With his debut picture book, “Please Say Please!” Kyle T. Webster has created a useful — and entertaining — tool for parents.

It’s a colorful book with rhyming text for children ages 2-6. It tells the story of a little girl who learns that good things come to those who say “please.”

“It is filled with surprising moments, humor and even a touch of magic,” Webster said in an email.

Webster, 40, saw a need for the book when his children were young.

“When spending time with my very young children, I was appalled by the manners of many small children on the playground and in preschool,” he said. “It’s not their fault, and I don’t think manners are difficult to teach. Simple pleases and thank-yous can be learned by a child as soon as they start to speak. So, I decided to give parents a fun tool to help with this — a story that can be read over and over again, with lots of colorful art and wondrous moments that help children understand the importance of the word, ‘please.’ It’s a start, anyway!”

Webster wrote and illustrated the book, which is published by Scholastic and will be available in August. It will be available in North America and Greece, he said.

Webster, a full-time artist and digital product inventor, spends most of his time drawing, and he also has a business, KyleBrush.com, where he makes digital brushes for other artists and has 150,000 customers. He teaches approximately 12 hours a week at UNC School of the Arts, which he enjoys.

According to his website, Webster is an award-winning illustrator who has drawn for The New Yorker, The New York Times, The Wall Street Journal, BusinessWeek, Entertainment Weekly, Scholastic, Nike, IDEO and others. He has created two, top-50 mobile games.

For more information, go to www.kyleTwebster.com, instagram.com/kyle.t.webster or email kyle@kyleTwebster.com or call (336) 253-4612. Find his book in August at www.scholastic.com/parents/book/please-say-please-0.

Q: Describe your art.

Answer: My illustrations vary greatly in style and subject matter, which is what has helped me have a healthy career as a freelancer for a dozen years. I illustrate for national magazines, book publishers, advertising agencies and other clients. I change the look of my work to suit whatever project comes along. I like working this way because it keeps things interesting and keeps me learning new things every year.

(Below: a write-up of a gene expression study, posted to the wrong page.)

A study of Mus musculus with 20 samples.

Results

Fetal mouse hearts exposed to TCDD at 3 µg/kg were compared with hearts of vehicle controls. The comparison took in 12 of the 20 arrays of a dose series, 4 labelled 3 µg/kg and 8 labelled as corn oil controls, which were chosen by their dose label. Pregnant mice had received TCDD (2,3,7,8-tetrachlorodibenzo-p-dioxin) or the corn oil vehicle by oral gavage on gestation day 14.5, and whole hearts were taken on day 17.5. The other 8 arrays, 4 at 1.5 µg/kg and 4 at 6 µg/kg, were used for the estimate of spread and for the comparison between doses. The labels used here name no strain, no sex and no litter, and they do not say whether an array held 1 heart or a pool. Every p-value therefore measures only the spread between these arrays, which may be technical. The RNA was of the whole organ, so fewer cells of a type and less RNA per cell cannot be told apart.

Q: What media do you prefer?

Answer: I work in a 100 percent digital environment, but I do so using all of the traditional media techniques I learned throughout the first half of my life. I use an advanced drawing tablet and my own custom brushes to work with digital watercolors, inks, pencils, oils, etc.

Q: How do you find your subject matter?

Answer: Most of my story or art ideas come from simply observing what is happening around me. There is just so much going on in the world, and I could never make all the art I want in a lifetime to fully process all of it.

Q: How have you evolved as an artist?

Answer: I continue to focus on the basics every year; the fundamental elements of art and design never bore me, and one can always improve in these areas. My goal is to always be able to look back in five years and cringe at the work I was doing then. This means I’m doing something right.

Q: Who has influenced your art?

Answer: Artists of old: Degas and Bouguereau; illustrators from the past century: Albert Dorne, Mort Drucker, Mark English, Jillian Tamaki, Gary Kelley.

Q: What is your biggest challenge?

Answer: Trying to read the future — illustration is not unlike fashion, and it’s hard to stay fashionable. Clients and publications are fickle. My challenge is to remain relevant and continue to offer art that people really want and will pay good money to have.

Q: What does your art do for you?

Answer: It is the purest form of self-expression and joy for me, so it is a necessary part of my life. This is why I work so hard in my business to keep it going; doing anything else for a living would probably make me depressed, with the exception of teaching, which I enjoy greatly.

Q: What do you hope your art does for the observer?

Answer: Being mostly a commercial artist, my goal is for the art to communicate clearly. That is the hope.

Q: Do you have any advice for other artists?

Answer: Practice your craft because your skills are all you have. Marketing can be learned in a book. Making good art takes thousands of hours of active work.